210510-N-N0146-1005 STRAIT OF HORMUZ (May 10, 2021) Two Iranian Islamic Revolutionary Guard Corps Navy (IRGCN) fast in-shore attack craft (FIAC), a type of speedboat armed with machine guns, conducted unsafe and unprofessional maneuvers while operating in close proximity to USCGC Maui (WPB 1304) as it transits the Strait of Hormuz with other U.S. naval vessels, May 10. U.S. forces exercised lawful defensive measure after the IRGCN vessels ignored repeated verbal and acoustic warning and closed toward Maui at a high speed and close distance with weapons uncovered and manned. (U.S. Navy photo)
For the second time in less than a month, a US vessel fired warning shots at Iranian Islamic Revolutionary Guard Corps watercraft. During the incident Monday, the US Coast Guard cutter Maui fired 30 .50-caliber rounds in two separate warnings directed at Islamic Revolutionary Guard Corps navy vessels.
“Harassment by the IRGC Navy is not a new phenomenon,” Pentagon press secretary John Kirby told reporters Monday. “It is something that all our commanding officers and crews of our vessels are trained … for when serving in the Central Command area of responsibility, particularly in and around the Gulf.”
At the time of the incident, six ships — the US Navy guided-missile cruiser USS Monterey; patrol coastal ships USS Thunderbolt, USS Hurricane, and USS Squall; and Coast Guard patrol boats US Coast Guard cutter Wrangell and US Coast Guard cutter Maui — were all escorting the guided-missile submarine USS Georgia through the Strait of Hormuz when they were approached by 13 Iranian fast inshore attack craft, according to a press release from the US Navy.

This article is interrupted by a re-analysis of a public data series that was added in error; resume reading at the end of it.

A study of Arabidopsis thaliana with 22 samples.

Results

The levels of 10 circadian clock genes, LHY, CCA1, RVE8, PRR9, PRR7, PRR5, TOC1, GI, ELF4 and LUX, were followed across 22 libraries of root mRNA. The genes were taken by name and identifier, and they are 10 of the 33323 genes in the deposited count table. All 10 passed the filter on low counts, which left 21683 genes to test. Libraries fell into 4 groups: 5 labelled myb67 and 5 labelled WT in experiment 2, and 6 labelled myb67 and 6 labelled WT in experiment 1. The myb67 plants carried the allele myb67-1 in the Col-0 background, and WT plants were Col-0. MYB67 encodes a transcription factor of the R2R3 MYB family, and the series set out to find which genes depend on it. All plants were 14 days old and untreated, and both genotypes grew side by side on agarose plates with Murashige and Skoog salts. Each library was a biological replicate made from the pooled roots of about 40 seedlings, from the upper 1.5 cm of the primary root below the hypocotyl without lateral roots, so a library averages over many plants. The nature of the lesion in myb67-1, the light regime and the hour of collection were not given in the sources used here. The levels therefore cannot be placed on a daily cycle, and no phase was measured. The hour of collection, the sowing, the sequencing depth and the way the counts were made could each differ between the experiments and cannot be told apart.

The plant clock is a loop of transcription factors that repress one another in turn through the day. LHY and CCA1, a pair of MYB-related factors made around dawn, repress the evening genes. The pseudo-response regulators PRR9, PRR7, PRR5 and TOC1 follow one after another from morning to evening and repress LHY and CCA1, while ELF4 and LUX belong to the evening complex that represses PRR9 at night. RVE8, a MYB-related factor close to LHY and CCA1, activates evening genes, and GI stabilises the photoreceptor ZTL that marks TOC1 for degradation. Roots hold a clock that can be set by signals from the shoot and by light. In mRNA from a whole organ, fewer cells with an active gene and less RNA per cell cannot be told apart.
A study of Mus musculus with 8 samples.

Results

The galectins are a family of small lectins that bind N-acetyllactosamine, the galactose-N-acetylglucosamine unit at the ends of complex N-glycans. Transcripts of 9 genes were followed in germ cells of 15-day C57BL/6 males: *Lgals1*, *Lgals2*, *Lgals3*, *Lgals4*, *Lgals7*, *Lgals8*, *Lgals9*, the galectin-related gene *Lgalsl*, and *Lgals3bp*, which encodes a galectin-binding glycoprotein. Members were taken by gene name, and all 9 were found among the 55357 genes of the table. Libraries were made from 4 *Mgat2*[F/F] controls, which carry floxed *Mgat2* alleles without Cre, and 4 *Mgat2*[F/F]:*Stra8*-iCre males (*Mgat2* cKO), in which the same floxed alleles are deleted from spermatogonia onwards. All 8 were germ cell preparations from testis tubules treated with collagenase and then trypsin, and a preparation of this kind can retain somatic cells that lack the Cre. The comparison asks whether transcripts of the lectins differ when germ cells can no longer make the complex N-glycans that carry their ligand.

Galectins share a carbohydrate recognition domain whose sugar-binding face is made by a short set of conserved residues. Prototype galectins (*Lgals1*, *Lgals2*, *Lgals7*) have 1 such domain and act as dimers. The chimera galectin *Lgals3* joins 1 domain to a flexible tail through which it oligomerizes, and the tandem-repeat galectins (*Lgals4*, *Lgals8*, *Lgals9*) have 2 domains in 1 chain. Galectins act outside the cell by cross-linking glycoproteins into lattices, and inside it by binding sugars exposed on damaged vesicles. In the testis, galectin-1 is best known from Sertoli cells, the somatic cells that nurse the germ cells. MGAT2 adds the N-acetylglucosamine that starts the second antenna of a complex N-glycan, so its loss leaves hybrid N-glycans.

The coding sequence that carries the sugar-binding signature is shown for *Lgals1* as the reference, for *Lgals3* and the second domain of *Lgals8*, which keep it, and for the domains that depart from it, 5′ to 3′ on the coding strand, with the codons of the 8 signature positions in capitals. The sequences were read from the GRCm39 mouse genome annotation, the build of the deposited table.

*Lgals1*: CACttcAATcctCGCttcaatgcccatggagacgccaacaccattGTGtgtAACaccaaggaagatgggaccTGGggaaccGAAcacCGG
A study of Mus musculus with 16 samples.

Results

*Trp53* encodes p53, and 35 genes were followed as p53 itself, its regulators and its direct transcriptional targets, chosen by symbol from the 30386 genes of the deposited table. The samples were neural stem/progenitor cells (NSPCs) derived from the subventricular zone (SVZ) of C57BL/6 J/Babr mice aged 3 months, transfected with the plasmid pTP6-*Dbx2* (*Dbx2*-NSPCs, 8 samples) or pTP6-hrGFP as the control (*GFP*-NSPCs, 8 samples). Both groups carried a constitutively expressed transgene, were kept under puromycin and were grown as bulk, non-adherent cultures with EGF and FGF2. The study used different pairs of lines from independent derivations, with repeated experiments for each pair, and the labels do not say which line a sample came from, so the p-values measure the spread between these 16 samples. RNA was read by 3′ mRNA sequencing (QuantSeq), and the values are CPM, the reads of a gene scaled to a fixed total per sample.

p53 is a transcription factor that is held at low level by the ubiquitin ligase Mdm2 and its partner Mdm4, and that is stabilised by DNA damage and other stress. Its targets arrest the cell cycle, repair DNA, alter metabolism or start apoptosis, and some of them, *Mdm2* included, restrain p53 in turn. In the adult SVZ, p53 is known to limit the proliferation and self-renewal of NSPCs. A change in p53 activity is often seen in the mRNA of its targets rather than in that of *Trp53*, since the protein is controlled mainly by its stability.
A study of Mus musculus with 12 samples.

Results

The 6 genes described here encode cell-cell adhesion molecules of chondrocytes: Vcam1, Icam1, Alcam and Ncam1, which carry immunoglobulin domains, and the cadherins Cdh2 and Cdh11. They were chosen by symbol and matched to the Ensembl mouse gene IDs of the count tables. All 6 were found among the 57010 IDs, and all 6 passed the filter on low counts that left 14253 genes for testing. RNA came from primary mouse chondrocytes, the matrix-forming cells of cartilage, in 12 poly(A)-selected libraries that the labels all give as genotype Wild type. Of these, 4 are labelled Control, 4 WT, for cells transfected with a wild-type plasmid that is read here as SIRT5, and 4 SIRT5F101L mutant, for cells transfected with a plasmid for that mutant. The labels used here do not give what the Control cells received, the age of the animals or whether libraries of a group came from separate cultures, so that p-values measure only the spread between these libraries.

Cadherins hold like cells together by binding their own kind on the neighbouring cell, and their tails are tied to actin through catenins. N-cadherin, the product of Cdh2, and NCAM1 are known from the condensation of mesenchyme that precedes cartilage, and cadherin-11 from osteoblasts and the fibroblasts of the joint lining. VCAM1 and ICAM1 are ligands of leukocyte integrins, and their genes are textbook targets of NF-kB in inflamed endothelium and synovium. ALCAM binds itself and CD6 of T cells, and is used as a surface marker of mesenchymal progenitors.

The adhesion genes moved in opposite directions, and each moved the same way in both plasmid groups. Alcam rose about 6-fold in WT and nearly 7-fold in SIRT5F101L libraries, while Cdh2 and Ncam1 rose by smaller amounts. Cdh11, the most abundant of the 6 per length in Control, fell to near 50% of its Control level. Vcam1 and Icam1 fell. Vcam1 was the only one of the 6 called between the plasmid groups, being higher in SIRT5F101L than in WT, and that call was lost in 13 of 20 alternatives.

“This group of fast attack boats approached the U.S. formation at high speed, closing in as close as 150 yards,” Kirby said.
After initially approaching the US ships, two of the 13 Iranian vessels broke away from the larger group, moving to the opposite side of the American formation. The two vessels then approached the Maui and Squall from behind at speeds above 32 knots, while the remaining 11 Iranian vessels maintained a position on the opposite side of the US ships.
For their initial response, the US crews issued multiple warnings to the Iranian vessels. These included bridge-to-bridge verbal warnings and five warnings using “acoustic devices,” followed by the use of the ship’s horn, which is a signal of danger recognized under international law.
However, this did not deter the two Iranian vessels. Ignoring the Navy’s warnings, the vessels continued to close on the Coast Guard ships. Once the two Iranian vessels reached 300 yards of the Maui, the Maui’s crew fired an initial burst from a deck-mounted .50-caliber machine gun. Undeterred, the Iranian vessels continued to close until the Maui fired an additional burst.
“After the second round of warning shots, the 13 fast-attack craft from the IRGCN broke contact,” Kirby told reporters Monday.
According to the Navy, the two Iranian vessels “maneuvered in an unsafe and unprofessional manner and failed to exercise due regard for the safety of U.S. forces as required under international law.”
The IRGCN behaved similarly on April 26, resulting in the USS Firebolt also firing warning shots, Kirby said. On that day, three Iranian navy fast inshore attack craft approached US Navy vessels using tactics similar to those employed Monday. US ships on April 26 went through the same escalation of force before opening fire. As with the incident Monday, once the US ship fired warning shots, the Iranian vessels broke contact.
The Navy Times reported that, in the April 26 encounter, Iranian navy vessels closed within 68 yards of US Navy ships. Additionally, it marked the first time a US Navy vessel had fired warning shots at Iranian vessels since July 2017.
“This kind of activity is the kind of activity that could lead to somebody getting hurt, and could lead to a real miscalculation in the region, and that doesn’t serve anybody’s interests,” Kirby said.